The cable TV companies that have won franchises in Fairfax and Montgomery countsystems, when they are completed, at no additional charge.
"There's a trend of cable operators going into the SMATV business in order to preempt the market that they thought they had in the first place," said Paul Kagan, publisher of a leading cable industry newsletter. "Cable operators are being advised by their bankers that it's time to go get 'em."
Under the plans announced this week, Media General pledged to offer 10 channels of programming, including two movie channels, to large multiple dwellings in Fairfax County at a subscriber rate of $29.95 per month. Complexes that sign up for what is being called "Early Bird" service will then be plugged into the county cable system automatically when it is completed within the next four years, according to James L. Dillon, vice president of Media General.
"This will preserve the opportunity for us to sell them cable service later," said Dillon.
Michael Pohl, vice president of corporate relations for Tribune-United, said his firm is planning to offer interim service in Montgomery County complexes where it is "economically feasible." Details for the service, including the programming and price, have yet to be worked out, Pohl said.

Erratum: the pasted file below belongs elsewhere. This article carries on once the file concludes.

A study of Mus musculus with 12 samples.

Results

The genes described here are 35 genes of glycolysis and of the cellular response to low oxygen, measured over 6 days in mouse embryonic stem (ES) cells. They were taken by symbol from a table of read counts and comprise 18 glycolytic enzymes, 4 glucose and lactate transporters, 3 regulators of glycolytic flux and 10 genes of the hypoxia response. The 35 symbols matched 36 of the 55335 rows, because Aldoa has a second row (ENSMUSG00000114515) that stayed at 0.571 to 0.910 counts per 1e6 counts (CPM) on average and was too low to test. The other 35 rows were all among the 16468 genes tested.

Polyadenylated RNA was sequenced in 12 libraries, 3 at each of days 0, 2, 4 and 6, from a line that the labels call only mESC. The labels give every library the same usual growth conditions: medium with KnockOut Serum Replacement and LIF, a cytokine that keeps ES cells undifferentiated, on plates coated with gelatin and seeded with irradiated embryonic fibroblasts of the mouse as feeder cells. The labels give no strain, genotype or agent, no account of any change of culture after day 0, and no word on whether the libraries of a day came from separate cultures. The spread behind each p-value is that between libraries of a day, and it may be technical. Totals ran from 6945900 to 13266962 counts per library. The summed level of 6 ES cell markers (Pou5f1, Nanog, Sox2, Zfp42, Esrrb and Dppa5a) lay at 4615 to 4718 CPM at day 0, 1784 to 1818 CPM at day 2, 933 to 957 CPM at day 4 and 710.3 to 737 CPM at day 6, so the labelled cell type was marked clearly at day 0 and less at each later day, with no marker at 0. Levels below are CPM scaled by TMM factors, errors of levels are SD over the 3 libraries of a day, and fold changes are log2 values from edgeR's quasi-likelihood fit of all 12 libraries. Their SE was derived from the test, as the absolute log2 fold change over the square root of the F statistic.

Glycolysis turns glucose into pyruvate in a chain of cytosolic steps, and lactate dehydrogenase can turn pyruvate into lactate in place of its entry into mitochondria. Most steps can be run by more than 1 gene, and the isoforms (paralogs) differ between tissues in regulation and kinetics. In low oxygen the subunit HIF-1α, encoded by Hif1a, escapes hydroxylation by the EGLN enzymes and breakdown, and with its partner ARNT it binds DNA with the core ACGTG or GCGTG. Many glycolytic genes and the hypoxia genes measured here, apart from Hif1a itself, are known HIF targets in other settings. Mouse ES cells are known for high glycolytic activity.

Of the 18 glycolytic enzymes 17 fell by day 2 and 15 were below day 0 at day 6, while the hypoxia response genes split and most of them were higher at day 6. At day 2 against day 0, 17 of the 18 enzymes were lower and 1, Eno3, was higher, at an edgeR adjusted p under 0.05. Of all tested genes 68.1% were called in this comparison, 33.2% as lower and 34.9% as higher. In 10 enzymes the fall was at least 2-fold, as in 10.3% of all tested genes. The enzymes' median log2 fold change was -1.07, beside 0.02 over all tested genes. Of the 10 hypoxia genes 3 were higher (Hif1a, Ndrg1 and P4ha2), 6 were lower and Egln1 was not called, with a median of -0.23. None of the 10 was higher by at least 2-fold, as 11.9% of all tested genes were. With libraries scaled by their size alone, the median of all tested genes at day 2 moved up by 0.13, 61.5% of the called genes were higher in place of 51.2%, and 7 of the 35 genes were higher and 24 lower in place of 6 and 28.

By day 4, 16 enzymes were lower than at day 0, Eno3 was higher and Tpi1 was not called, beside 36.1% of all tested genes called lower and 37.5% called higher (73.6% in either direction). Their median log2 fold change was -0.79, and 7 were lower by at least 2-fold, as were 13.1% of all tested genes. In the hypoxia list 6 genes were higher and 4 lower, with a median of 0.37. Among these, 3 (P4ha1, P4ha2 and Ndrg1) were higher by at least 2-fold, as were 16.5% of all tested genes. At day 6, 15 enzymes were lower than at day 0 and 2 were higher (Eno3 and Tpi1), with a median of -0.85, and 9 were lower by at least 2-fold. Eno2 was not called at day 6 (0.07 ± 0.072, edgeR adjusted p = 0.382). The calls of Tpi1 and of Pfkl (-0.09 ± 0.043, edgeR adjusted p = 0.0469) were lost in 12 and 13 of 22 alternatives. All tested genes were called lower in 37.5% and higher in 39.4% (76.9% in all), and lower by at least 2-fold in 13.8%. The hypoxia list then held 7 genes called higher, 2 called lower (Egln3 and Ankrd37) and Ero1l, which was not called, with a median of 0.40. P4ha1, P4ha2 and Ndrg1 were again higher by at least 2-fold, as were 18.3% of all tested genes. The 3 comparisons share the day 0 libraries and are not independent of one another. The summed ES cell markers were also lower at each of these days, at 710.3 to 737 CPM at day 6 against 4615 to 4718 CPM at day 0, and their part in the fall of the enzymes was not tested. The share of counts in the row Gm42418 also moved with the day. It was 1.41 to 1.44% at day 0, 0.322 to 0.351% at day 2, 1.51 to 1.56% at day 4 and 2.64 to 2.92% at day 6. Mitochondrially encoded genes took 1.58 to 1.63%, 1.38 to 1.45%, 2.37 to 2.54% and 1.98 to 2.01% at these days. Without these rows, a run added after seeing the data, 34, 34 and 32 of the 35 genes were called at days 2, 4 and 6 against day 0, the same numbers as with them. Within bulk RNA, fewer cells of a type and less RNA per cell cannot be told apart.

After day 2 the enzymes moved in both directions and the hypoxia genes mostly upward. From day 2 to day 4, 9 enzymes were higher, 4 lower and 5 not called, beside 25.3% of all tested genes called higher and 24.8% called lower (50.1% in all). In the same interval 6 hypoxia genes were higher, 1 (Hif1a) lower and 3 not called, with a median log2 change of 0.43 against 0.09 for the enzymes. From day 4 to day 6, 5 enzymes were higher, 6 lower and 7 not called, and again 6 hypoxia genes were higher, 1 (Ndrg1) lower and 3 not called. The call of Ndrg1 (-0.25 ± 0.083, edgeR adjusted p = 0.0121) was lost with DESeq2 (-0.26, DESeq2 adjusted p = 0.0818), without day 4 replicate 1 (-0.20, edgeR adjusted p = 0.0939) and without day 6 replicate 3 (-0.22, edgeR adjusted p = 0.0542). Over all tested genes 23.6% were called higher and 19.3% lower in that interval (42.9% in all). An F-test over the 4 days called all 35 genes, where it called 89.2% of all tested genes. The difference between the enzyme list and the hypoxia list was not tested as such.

Spokesmen for Super TV and Marquee said yesterday they were not worried about the cable firms' plans. Figures recently compiled by Super TV show the company offering one channel of pay TV service via scrambled UHF signals to some 54,000 subscribers around the area at rates up to $26 monthly. Marquee transmits Home Box Office to 42,600 subscribers via microwave at rates that range up to $16.95 monthly.
"It seems to me that they are afraid that they're going to lose their [potential] subscribers," said Ed Yoe, marketing vice president for Marquee. "But I got news for you. There's room for everybody out there."
"It's not a significant concern," said Thomas C. Thompson, president of Super TV, who predicted that his company would continue the rapid growth it has seen over the past year. "That's not really our market. We don't really go after the large complexes the way we do single-family homes."
Media General's Dillon said yesterday that the company's interim pay-TV plans would not slow construction of the county's cable system. The system is scheduled to be delivering cable service to some county residents by this fall and to be completed by 1987. "This will have absolutely no adverse effect," Dillon said. "We have promised the county a schedule of completion for the work, and we will stick to it."